SUZHOU, China, July 10, 2023 /PRNewswire/ — The ancient Pingjiang Road is one of the top tourist attractions in Suzhou, East China’s Jiangsu Province, as seen from the crowds of visitors during the ongoing summer vacation. It is a well-preserved ancient block of Suzhou’s old town, whose rejuvenation in recent decades is a paradigm of China’s drive to push urban renewal while still preserving its cities’ cultural roots.
In urban planning and old town preservation, especially for a 2,500-year-old city like Suzhou, “preserving the old as the original” principle is “actually a way to protect the characteristics of the city’s cultural heritage,” rather than an endeavor to give it a “modern aesthetic look,” Wu Yongbo, an urban planning expert, told the Global Times on Sunday.
Chinese President Xi Jinping inspected the city of Suzhou a few days ago. On his itinerary was the historical and cultural block of Pingjiang Road, where he learned about the city’s efforts in historical and cultural protection.
Xi watched Pingtan (storytelling and ballad singing in Suzhou dialect) and appreciated the Suzhou embroidery artworks along the road.
Shan Jixiang, head of China Cultural Relics Academy, praised Suzhou’s decades of hard work for breathing new life into the ancient city while painstakingly preserving its antiquity.
“Suzhou has explored a lot of beneficial experience in the inheritance and protection of historical culture,” he said.
Trailblazer of preservation
With a history of 2,500 years, Suzhou is referred to as one of the heavens on earth in a famous Chinese adage. Interlaced with rivers and peppered with traditional gardens, the layout of its old town remains largely unchanged from a painting drawn in the Song Dynasty (960-1279).
Walking down Pingjiang Road, you feel like you have traveled back in time a few hundred years, back to the Song Dynasty when the road was already paved, just like it is today. The water in the river is still green and clear and residents roam around the area as they used to during the Song Dynasty. The Venetian traveler Marco Polo, who first visited Suzhou in 1276, called it “Venice in the East,” smitten by its crisscross canals and prosperity.
The place seems frozen in time and offers a great scene for traditional Chinese painting as the city is a trailblazer of old town preservation in China. In 1950, shortly after the founding of the People’s Republic of China, a committee was set up for the protection of Suzhou’s cultural relics.
In the 1980s and 1990s, Suzhou adopted the approach of preserving the old while developing the new. Local authorities also started piloting renovation projects for the old town.
Since 2012, the old town of Suzhou has significantly expanded its protected area, encompassing more historic buildings, from schools to old factories.
Wu said that it is “actually much more difficult” to repair the historical cultural district as “the original” than to “tear them down for renovation.”
Planned with scientific wisdom
While wandering along Pingjiang Road, visitors can appreciate the ancient buildings lining the roadsides, as well as the ancient stone bridges and the small boats cruising along the waterway. Instead of walking, many tourists like to take a boat trip to enjoy a more leisurely experience.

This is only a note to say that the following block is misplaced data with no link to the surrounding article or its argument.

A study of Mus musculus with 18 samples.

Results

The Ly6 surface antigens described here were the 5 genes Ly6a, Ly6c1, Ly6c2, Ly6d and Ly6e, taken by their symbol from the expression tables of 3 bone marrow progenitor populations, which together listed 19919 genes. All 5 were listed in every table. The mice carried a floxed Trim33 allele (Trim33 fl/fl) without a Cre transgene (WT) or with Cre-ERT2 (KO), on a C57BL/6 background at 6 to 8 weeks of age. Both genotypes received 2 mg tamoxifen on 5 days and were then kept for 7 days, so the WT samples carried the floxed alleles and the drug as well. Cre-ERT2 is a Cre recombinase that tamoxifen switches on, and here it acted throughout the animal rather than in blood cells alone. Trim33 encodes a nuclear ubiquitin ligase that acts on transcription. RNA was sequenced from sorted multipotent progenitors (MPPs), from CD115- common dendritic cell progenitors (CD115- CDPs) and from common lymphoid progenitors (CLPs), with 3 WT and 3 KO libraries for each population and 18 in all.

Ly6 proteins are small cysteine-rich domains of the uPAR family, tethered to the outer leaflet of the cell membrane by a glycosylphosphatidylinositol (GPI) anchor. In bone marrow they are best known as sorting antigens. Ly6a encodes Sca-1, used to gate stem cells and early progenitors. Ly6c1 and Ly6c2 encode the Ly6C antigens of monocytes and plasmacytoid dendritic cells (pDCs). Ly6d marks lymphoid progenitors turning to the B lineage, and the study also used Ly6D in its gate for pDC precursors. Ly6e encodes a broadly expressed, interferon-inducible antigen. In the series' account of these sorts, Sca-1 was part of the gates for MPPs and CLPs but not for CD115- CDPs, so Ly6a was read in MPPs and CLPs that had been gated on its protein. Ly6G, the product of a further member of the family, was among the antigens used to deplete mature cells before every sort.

As an ancient street, Pingjiang Road has undergone several rounds of protection and renovation, but the main focus has been on restoring the buildings that line the street to their former glory.
Many of the old houses along the road have had their old looks preserved but have been converted into bars and clubs, blending in well with the vibe of the whole area. Behind the traditional wooden doors, visitors can discover many surprises in their modern-day use.
Traditional Chinese theaters and tea houses can also be found along Pingjiang Road, where visitors can take a rest and enjoy a cup of tea while listening to Suzhou Pingtan performances.
In 2020, a thorough survey was launched to examine and register every house, well, bridge, and tree in the old town’s 54 residential communities, with the aim of providing more accurate data for future protection.
Ancient bridges, wells and water alleys in Suzhou are most concentrated in the district.
Wu believes that the district’s 2,500-year-old “inherited scientific planning system” has been an inspiration for the current strategy.
In 2022, the Pingjiang Road Historic and Cultural Block was designated a national-level tourist leisure zone.
“The reason why the district can achieve this is because its own building system has gradually become scientific in the advancement of history, so the restoration work is more focused on the protection of historical objects,” Wu said, and he added that the 8,000 residents still living on the street have made its “historical and cultural value more prominent.”
“Generations of residents living here keep the district historicity alive in their everyday lives,” Wu said.
Wu pointed out that the architecture of Suzhou city’s unique classical gardens can also adapt to the “repairing the old as the original” strategy.
“Compared with Western countries’ stone buildings, Chinese brick and wood buildings, especially wooden structures, need more preservation effort, which is one of the reasons why China pays so much attention to the protection of urban cultural heritage,” Wu said.